Some comments here from Stanley Hauerwas on “ecclesial homelessness,” an increasingly familiar situation for many people today. What he means by describing himself as “ecclesially homeless” is that he isn’t clearly rooted in one particular Christian tradition. As he says here, he considers himself to be a Methodist. But, as he accounts in his memoir, he has attended a variety of churches over the years, including a Catholic church while he taught at Notre Dame, and the Anglican church where he worships today (and where his wife, a Methodist pastor, serves on the pastoral staff). Here are his thoughts, from a Christianity Today interview last Fall:
I call myself an ecclesial whore. I don’t know why God made some of us ecclesially homeless. I would like to think it has some ecumenical promise. Let me be clear: I am a Methodist. By that, I mean I think John Wesley was a recovery of Catholic Christianity through disciplined congregational life. Therefore, now that I am a communicant in the Church of the Holy Family [Episcopal Church], I understand myself still to be Methodist because I think the Episcopal Church is the embodiment of much that Wesley cared about. I think that’s true in much of Roman Catholicism. I don’t think any of us should look to Christian unity by thinking we can heal divisions of the past by some kind of artificial agreement. But by going forward, trying to live faithful to the charisms [gifts] within our ecclesial identifications, God hopefully will bring us into unity.
Hauerwas seems to suggest here that being Methodist doesn’t necessarily mean worshiping in a Methodist Church. He can, as he says, live faithful to the charisms of his Methodist identity while being a communicant at Holy Family.
There are many today who find themselves in similar situations. I personally know of Methodists worshiping at Presbyterian churches, Mennonites at Anglican churches, and Lutherans at Reformed churches. I myself continue to identify as a Salvationist, though I presently worship at a Free Methodist church.
The lines of denominational demarcation are getting blurrier, but what does it all mean? Are we entering a post-denominational landscape? Do people even care about traditional differences of doctrine, worship, and polity, which were so divisive in the past?
With Hauerwas, I think this new situation has some ecumenical promise, although I also worry that it is due, at least in part, to cynical apathy regarding any kind of formal institutions. The promising thing is that walls are coming down, and people are willing to worship, fellowship, and serve with people from another denominational background without thinking much about it. In this sense, people on the ground are actually way ahead of their denominational institutions, which often remain relatively isolated.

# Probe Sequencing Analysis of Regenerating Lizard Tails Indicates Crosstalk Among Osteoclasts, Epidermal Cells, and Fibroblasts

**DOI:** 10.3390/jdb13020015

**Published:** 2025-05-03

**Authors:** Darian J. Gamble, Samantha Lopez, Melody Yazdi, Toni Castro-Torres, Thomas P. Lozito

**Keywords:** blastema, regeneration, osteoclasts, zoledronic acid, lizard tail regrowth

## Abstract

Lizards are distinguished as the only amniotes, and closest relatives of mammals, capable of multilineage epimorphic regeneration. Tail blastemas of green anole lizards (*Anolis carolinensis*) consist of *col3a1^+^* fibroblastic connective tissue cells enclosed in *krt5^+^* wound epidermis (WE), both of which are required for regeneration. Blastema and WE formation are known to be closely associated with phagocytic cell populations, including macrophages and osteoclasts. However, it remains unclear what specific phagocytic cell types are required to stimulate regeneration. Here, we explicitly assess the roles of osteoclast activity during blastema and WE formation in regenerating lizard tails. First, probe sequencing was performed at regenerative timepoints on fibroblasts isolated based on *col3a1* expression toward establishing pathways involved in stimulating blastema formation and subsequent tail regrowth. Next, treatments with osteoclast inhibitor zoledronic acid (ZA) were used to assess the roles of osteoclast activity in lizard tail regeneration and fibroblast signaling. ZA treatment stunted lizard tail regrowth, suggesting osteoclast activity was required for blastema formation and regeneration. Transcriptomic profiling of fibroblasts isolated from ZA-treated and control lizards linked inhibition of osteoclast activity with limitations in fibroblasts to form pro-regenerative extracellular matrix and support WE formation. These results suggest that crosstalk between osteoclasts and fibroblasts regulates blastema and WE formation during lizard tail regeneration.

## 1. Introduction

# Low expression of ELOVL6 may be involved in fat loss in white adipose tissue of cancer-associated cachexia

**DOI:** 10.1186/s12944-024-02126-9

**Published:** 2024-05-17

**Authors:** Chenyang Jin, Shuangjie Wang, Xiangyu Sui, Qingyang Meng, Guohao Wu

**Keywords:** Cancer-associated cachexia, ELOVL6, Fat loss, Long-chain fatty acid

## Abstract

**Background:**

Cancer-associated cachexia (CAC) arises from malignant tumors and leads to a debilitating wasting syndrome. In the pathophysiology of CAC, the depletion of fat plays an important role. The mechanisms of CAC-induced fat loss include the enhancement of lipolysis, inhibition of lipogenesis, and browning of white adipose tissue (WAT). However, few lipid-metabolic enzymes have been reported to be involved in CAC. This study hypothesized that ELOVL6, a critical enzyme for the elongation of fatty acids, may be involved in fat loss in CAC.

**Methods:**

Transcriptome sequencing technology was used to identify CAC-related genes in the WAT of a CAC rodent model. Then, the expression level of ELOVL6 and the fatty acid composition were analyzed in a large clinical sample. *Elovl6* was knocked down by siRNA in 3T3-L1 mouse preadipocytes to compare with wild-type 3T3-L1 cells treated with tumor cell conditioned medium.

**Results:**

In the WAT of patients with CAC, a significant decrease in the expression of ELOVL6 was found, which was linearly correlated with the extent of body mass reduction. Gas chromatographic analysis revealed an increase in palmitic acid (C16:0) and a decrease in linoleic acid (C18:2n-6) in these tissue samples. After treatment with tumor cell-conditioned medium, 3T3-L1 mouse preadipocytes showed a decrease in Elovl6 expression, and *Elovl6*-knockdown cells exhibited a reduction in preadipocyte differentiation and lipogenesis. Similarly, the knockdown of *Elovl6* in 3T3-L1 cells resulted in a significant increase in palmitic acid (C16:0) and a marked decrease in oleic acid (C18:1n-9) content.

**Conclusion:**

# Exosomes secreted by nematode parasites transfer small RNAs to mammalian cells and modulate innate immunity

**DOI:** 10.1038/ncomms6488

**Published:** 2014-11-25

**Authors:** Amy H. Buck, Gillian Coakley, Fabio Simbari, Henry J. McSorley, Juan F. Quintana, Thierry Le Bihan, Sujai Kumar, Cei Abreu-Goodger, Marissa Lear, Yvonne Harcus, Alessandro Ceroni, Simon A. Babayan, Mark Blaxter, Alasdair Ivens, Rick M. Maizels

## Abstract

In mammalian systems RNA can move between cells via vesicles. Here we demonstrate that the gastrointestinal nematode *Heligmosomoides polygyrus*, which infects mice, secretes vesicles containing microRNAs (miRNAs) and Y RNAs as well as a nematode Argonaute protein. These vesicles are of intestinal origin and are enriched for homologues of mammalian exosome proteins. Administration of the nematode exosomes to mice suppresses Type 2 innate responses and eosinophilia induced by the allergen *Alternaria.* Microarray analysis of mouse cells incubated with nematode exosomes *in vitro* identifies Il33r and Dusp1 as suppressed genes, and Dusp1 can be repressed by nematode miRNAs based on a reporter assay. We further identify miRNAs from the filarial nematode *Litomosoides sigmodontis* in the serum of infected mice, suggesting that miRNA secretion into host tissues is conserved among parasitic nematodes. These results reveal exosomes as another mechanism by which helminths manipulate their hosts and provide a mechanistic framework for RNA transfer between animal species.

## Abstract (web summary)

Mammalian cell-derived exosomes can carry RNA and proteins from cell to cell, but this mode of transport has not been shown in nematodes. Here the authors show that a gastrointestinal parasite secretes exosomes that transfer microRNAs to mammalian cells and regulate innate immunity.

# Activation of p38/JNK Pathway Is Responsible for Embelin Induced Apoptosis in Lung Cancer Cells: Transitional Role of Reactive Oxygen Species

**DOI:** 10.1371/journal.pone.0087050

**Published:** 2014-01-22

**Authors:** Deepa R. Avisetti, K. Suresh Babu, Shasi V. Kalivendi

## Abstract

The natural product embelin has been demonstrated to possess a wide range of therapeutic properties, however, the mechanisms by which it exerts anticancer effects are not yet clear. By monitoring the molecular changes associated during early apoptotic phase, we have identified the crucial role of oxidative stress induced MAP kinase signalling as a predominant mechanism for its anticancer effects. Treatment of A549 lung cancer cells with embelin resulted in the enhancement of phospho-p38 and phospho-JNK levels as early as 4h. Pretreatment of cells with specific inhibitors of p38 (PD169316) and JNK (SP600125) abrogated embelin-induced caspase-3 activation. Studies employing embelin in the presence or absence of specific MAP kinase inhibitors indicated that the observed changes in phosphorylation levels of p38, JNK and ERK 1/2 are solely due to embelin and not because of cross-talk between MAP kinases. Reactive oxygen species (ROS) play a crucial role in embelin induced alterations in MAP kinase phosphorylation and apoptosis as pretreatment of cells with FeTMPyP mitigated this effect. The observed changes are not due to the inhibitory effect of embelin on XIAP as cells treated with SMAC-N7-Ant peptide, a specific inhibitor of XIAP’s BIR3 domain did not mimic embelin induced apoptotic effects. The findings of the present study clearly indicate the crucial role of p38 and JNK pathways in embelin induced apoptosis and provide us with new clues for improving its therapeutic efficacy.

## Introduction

The danger, of course, is that there are some real historical disagreements which should be aired out and discussed, rather than ignored through an easy ecumenism which treats differences as unimportant.
There’s something more to Hauerwas’ comment here, though, as it relates to the whole idea of ecclesial charisms. He presumes that a Christian person can live out the charisms of one historic tradition while being part of a community that is based in another tradition (hence his status as a Methodist communicant in an Anglican parish). I’m not sure how much he has thought about this, but it seems he presumes (as I am arguing in my dissertation) that charisms are personal, even when they are identified with a community like Methodism.
That is, properly speaking, the Methodist charisms are not borne by the Methodist community as a whole, but by the persons who call themselves Methodist. The communal aspects of Methodism might encourage and cultivate those charisms, but at the end of the day, persons are the bearers of the diverse vocational charismata.
In that sense, it should be quite possible for a person to exercise one ecclesial charism in a context which is not normally identified with that charism. Actually, I would say that this would make more sense than isolating large numbers of people with a particular charism from other parts of the church!
This is also why Methodism was intended in Wesley’s day to exist as a leaven in the Church of England, not as an independent church. Though the Methodists were to have their own gatherings, which came in various forms, they were to remain within the church, worshiping alongside others in the C of E on Sundays, where the gifts that they brought could excite a renewal among the established structures.
This all might seem pretty far removed from the contemporary issue of “ecclesial homelessness,” but I think there could be a connection, and the changing denominational landscape of the twenty-first century just might make such a vision of the church more plausible than it was in the previous century.